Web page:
The Fall And Rise Of Music Magazines - HeadCount

The Fall And Rise Of Music Magazines

relixjuly2009cover-smallAt least in part because you're reading this instead of one of them, music magazines have been dropping and downsizing like mad over the past several months. Blender and Vibe are history, and both Rolling Stone and Spin have trimmed their staffs considerably in response to diminishing readership and ad pages. In today's Slate, former Blender staffer Jonah Weiner lays out what he believes are the three biggest reasons for the "music-mag death march":

1. There are fewer superstars, and the same musicians show up on every magazine cover....
2. Music mags have less to offer music lovers, and music lovers need them less than ever anyway....
3. Music magazines were an early version of social networking. But now there's this thing called "social networking"...

The upshot, for Weiner, is that the one thing music magazines often provided that you can't find online (yet) was in-depth feature writing such as this David Peisner feature in Spin about using music as torture. That music magazines can no longer afford that sort of reporting is clearly a shame.

Meanwhile, and, I'm guessing, coincidentally, venerable rock-pop journalist Robert Christgau yesterday waxed cautiously optimistic about the fate of music mags in another of his lively posts for the blog of the National Arts Journalism Program (talk about teaching an old dog new tricks; Christgau's posts have contained some of his most loose-limbed and personal writing in decades). Declaring that "not one, not two, but three music magazines are rising in their respective ways from the dead. On paper," Christgau praises (with only faint damnation) the new business models of Paste, JazzTimes, and, Relix, of which he says:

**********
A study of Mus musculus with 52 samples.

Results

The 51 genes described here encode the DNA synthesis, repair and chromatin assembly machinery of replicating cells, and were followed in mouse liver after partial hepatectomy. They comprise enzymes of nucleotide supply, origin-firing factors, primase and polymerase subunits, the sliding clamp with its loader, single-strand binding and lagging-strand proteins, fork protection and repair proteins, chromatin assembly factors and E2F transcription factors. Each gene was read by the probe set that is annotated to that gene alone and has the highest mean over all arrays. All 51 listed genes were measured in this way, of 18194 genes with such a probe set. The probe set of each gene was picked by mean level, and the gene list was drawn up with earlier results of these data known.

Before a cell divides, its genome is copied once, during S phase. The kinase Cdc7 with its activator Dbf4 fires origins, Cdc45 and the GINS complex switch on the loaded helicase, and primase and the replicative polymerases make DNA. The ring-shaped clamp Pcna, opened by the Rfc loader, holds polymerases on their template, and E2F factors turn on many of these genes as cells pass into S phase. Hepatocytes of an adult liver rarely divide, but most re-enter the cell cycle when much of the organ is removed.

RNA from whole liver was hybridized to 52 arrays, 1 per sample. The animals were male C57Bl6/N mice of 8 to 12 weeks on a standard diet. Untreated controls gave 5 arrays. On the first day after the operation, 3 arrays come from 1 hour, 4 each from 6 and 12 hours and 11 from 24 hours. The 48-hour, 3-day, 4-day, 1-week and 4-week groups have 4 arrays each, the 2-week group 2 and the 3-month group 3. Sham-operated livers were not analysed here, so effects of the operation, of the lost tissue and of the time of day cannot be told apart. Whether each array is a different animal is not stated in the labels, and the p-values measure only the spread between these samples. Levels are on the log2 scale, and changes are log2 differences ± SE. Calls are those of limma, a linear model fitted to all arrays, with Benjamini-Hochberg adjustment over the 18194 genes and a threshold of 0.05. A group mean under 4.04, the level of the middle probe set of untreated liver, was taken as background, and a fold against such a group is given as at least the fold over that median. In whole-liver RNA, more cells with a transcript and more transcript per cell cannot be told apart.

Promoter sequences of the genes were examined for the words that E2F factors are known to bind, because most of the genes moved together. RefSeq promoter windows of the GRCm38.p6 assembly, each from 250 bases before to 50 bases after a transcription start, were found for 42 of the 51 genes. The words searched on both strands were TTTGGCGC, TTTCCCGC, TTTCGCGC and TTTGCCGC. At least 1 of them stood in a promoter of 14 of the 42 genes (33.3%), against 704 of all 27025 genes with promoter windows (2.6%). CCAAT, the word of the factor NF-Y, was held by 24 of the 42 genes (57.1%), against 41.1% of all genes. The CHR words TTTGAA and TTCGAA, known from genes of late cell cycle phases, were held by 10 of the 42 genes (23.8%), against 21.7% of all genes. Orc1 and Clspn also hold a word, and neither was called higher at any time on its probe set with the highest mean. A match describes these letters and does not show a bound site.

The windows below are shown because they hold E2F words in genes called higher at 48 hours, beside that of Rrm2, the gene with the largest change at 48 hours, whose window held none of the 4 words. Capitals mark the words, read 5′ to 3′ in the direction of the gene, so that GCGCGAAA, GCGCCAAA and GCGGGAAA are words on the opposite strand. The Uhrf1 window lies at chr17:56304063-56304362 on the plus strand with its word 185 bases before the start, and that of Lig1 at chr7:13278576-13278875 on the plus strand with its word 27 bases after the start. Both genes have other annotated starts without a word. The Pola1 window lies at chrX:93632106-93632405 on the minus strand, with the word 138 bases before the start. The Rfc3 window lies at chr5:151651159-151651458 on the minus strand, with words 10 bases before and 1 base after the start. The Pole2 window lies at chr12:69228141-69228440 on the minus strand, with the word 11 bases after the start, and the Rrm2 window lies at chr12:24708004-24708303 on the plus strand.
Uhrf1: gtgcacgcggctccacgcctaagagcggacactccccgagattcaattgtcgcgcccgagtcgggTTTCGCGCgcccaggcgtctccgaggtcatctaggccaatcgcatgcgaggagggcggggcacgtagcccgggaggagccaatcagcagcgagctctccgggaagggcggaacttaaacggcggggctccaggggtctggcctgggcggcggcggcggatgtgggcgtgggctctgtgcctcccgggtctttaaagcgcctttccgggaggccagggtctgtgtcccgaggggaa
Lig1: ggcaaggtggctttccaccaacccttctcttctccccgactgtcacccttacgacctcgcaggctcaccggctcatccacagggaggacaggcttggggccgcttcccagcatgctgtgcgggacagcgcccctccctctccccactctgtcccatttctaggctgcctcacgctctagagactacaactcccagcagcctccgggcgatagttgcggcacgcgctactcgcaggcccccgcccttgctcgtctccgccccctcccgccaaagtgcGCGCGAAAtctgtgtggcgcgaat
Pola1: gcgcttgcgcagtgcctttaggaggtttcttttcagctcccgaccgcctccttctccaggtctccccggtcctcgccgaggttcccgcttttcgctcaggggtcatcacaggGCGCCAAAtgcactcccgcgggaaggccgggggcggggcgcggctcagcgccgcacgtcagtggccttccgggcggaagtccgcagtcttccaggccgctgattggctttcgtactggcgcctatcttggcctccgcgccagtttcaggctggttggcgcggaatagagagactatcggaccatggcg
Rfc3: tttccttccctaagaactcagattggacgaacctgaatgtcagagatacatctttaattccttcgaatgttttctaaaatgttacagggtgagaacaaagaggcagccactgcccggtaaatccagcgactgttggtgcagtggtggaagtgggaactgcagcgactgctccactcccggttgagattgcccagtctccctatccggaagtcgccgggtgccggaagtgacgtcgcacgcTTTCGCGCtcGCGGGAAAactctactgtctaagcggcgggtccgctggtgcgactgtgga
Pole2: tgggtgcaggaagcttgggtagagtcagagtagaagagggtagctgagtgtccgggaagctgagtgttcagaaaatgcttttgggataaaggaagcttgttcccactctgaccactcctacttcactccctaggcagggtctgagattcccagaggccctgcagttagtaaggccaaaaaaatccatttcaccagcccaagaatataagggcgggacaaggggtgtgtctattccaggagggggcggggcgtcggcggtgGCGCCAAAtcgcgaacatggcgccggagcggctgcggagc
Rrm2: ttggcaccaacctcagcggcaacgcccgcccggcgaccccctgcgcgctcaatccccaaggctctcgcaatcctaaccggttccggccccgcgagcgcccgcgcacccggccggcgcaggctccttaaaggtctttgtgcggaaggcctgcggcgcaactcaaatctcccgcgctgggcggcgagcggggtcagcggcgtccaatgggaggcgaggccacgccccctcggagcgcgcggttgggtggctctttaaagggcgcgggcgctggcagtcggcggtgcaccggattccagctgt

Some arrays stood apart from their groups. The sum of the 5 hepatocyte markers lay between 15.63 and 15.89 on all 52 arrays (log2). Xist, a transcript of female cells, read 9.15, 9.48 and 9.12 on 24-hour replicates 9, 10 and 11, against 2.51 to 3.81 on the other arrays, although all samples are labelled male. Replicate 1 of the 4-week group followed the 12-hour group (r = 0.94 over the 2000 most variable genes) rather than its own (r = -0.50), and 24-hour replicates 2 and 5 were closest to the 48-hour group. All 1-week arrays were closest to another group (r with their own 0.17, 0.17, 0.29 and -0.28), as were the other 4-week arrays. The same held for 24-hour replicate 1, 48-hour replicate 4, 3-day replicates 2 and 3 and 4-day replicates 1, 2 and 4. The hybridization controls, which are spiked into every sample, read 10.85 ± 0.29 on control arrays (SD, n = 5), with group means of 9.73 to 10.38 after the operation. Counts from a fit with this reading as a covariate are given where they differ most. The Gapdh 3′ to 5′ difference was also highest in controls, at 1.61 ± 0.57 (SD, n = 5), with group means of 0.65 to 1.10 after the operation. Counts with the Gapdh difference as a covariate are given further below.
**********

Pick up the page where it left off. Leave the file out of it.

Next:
The least moribund of these is Relix, initially a Deadhead magazine, then a jam-band magazine, and now clearly trying to define for itself a market share not altogether dissimilar from that of Mojo in the U.K. Purchased from Zenbu Media Group May 4 by the newly formed Relix Media Group, all of whose members are described as "veterans of the magazine," it's now put out three issues under new management. Among the cover topics: Iggy Pop, Sonic Youth, Wilco. Generationally, these choices are completely sane--Iggy is 62, and even Wilco is getting on. But the jam-band world is a tight little island, and to assume that people over 30 who are interested in attending live music share so much common ground is damn near visionary for the American music-mag business.